The RTI-Wheelin' Wildcats wheelchair basketball team poses for a group photo.

Vernon L. Burgess, Jr. (center), poses in a blue shirt with his RTI-Wheelin' Wildcats teammates. The team is a National Wheelchair Basketball Association Division III wheelchair basketball team based in Ogden, Utah, and made up of athletes from surrounding communities. (Courtesy photo)

Editor’s note: Hill Air Force Base celebrates National Disability Employment Awareness Month with a series of special events each year that culminate with a wheelchair basketball exhibition game between base leadership and the RTI-Wheelin’ Wildcats wheelchair basketball team. Regrettably, this year’s events were canceled out of an abundance of caution due to COVID-19. Vernon Burgess, the recreation coordinator for the team, was asked by Team Hill’s Special Observance Committee to share some of his thoughts about NDEAM.

HILL AIR FORCE BASE, Utah -- At 70 years old now, I tend to look back at the decisions that led my life down a different path.

On Feb. 8, 1969, my two buddies and I went off to a driving range to celebrate being called up for the draft. After numerous large buckets of golf balls and an enduring celebration, I woke up the next morning a T-9 paraplegic.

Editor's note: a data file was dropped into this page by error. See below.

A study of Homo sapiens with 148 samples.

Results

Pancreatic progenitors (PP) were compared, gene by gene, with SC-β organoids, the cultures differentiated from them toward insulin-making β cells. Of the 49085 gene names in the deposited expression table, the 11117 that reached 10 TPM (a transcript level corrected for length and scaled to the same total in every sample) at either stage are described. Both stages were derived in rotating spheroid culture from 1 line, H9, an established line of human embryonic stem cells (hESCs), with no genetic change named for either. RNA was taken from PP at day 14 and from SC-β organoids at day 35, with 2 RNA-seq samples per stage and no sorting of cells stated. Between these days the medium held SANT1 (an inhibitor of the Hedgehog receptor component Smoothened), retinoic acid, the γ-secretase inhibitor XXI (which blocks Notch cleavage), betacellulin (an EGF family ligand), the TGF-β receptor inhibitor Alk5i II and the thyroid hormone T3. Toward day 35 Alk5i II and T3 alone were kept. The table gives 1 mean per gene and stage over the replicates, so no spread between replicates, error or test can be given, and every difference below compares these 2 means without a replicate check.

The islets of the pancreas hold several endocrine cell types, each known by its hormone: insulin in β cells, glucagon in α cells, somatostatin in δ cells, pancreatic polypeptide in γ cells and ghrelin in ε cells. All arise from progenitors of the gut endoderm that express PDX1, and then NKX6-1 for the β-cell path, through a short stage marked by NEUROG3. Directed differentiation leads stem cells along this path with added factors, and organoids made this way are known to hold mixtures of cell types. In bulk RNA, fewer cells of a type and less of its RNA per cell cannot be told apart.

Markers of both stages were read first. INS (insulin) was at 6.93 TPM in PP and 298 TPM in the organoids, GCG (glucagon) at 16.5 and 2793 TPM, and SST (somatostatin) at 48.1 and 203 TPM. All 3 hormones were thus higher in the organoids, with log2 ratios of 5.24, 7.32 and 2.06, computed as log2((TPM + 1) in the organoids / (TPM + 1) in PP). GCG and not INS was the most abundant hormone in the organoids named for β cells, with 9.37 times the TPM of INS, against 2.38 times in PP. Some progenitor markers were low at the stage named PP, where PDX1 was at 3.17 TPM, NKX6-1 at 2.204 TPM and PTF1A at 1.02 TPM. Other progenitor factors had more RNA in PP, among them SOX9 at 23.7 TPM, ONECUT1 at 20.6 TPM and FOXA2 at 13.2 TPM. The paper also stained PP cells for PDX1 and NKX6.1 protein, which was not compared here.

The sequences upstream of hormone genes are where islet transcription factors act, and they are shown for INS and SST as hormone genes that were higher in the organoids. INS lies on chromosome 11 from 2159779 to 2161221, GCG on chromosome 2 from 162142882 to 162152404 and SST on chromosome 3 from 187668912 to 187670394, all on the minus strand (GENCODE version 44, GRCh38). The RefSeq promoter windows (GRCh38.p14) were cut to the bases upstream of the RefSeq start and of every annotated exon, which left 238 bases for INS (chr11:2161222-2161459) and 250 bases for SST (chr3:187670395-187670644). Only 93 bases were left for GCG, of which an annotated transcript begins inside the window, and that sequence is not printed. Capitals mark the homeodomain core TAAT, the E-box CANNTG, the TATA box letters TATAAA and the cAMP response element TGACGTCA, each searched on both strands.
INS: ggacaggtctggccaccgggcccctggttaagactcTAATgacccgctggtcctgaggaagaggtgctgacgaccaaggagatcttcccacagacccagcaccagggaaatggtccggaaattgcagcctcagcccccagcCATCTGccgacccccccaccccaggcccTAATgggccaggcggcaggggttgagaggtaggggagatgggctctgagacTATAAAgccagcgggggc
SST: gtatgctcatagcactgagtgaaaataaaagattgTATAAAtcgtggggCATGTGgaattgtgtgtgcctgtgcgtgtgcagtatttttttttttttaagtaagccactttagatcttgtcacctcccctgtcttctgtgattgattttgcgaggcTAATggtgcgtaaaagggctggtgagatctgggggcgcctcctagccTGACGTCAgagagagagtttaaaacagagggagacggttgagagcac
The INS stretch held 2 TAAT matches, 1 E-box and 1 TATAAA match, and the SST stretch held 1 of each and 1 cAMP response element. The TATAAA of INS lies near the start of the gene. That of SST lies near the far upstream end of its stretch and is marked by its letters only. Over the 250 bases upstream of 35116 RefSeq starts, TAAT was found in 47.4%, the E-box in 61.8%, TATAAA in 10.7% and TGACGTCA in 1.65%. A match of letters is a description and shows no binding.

This turned out to be one of the most fortunate things to ever happen to me, although it took 10 years to realize my new purpose in life.

I was a very angry, disgruntled, and ornery. That is until 1979 when I was asked to go watch a bikini contest at Weber State…my sister lied! Instead, it was a wheelchair basketball exhibition game with some volunteer students.

It was then I met some of the team who changed my life.

Today, I am honored to have met Nick, Jim, Vance, Bobby, Chris, Matt, Nathan, Jayden, Doyle, Orville, Travis, Ryan, the athletes who currently make up our RTI- Wheelin’ Wildcats team.

Of course, we couldn’t do what we do without the help of coaching staff Sandy Bebout and Mindy Smith, and the Roads to Independence, Adaptive Recreation, and Mindful Mobility programs.

Another positive influence on disability programs is Hill Air Force Base.

The base goes out of the way to honor many diversity programs including Wheels of Wonder and, of course, the annual wheelchair basketball exhibition game and half time show. These events showcase the abilities of individuals with disabilities during the National Disabilities Employment Awareness Month.

Thank you, Hill AFB! I’m honored to be involved with individuals with disabilities.